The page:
Live: Avicii Pumps (And Pumps) The Crowd At Lavo
Avicii Lavo Saturday, January 21
Better than: Sensory deprivation.
Anthropologically it was worth it; logistically a lot less so. Arriving to Lavo, on East 58th Street, at 11:45 on Saturday night is risky enoughit's a high-end bottle-service superclub, the kind dance snobs tend to avoid on principle. This past Saturday the mob was especially dense for the set by the young Swede super-house sensation Avicii, who's touring behind the laudable "House for Hunger" campaign; his management hosted a dinner beforehand across the street at Tao, which shares ownership with Lavo. His ties with David Guetta (whose last album Avicii appeared on) and the general excitement over dance music hitting the mainstream give him a lot of momentum.
Avicii's also got hits, and sometimes they're pretty good. The best is one he played on Saturdaysomething I'd been hearing around forever, always kind of liking, but never following up on"My Feelings For You," a collaboration with Sebastien Drums. I remedied that lapse in knowledge during his set with my phone. It was one of the few times during the night when my fascination with what I was watching was matched by the music being played.
If Avicii is being sold as the next wave of nu-rave (and he is), then his iteration of it, at least on this night, resembled nothing so much as the exact same mainstream bottle-service house chug that's been going on in New York at least since I got here eleven years agosome "nu." Yet there was something charged about the air, even if I deplored the musicI think there were maybe five tracks I liked in total. (My guest and I left after two hours of Avicii's set, having long since gotten the point.)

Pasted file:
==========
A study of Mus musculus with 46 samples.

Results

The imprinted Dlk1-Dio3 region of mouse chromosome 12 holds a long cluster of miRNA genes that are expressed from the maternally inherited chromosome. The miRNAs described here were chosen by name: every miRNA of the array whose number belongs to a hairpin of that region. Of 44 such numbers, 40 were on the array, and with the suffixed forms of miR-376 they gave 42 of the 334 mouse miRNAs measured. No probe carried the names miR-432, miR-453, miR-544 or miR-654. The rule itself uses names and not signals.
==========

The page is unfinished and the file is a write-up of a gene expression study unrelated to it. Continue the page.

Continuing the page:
The big marker of nu-rave is that its crowd is very young. Saturday's crowd wasn'tit was upscale, moneyed, far from rave-nu-and-old's much-flaunted DIY ethos. That aspect is a big part of electronic-dance's appeal as a subculture as well. Here, watching waitresses in white "I Love Avicii!" T-shirts handing out gigantic glow sticks that looked like something you'd win at a state fair and marching out super-sized, sparkler-flanked bottles of vodka and Champagne, the endless spectacle seemed weirdly machine-tooled. Still, it was hard to get bored.
Avicii stepped up at 12:35 in a zip-up hoodie and Badly Drawn Boy stocking hat and proceeded to plow through a lot of hits. Right when the first track, "Sunshine" by Guetta feat. Avicii with Florence and the Machine, hit its breakdown, the smoke machine went nuts, filling the floor completely. Here we go! It was like a cruise or something.
He played anthems nonstop; any pretense of building an arc within the set was pretty much nonexistent. Instead, we got David Guetta's Sia-assisted "Titanium" (the song is ehh, the breakdown utterly shameless) and a track that folded in Justice's "D.A.N.C.E." In fact, we got a whole set of tracks remixing, covering, or quoting pop favorites, starting with Ash's gimmicky "Papa" (plundering Bill Wolfer's Zapp-like 1982 cover of the Temptations' "Papa Was a Rolling Stone"), the DJ of honor's own horrid cover of Eurythmics' "Sweet Dreams" (I initially ID'ed it as being by Crazy Frog), Raul Cremona feat. Tony's ham-handed "Wrapped Around Your Finger," and the big one, "Levels," Avicii's hit from last year, which sampled Etta James. It had a built-in sense of tribute when her voice rose above the mix and the beats dropped out for a few bars. The crowd cheered. The crowd cheered everything.
Critical bias: I look at the Billboard Club charts and am absolutely baffled.
Overheard: During the Etta James song, my guest said, "They should make it into a cat video."
Random notebook dump: "Syrup with snare rolls."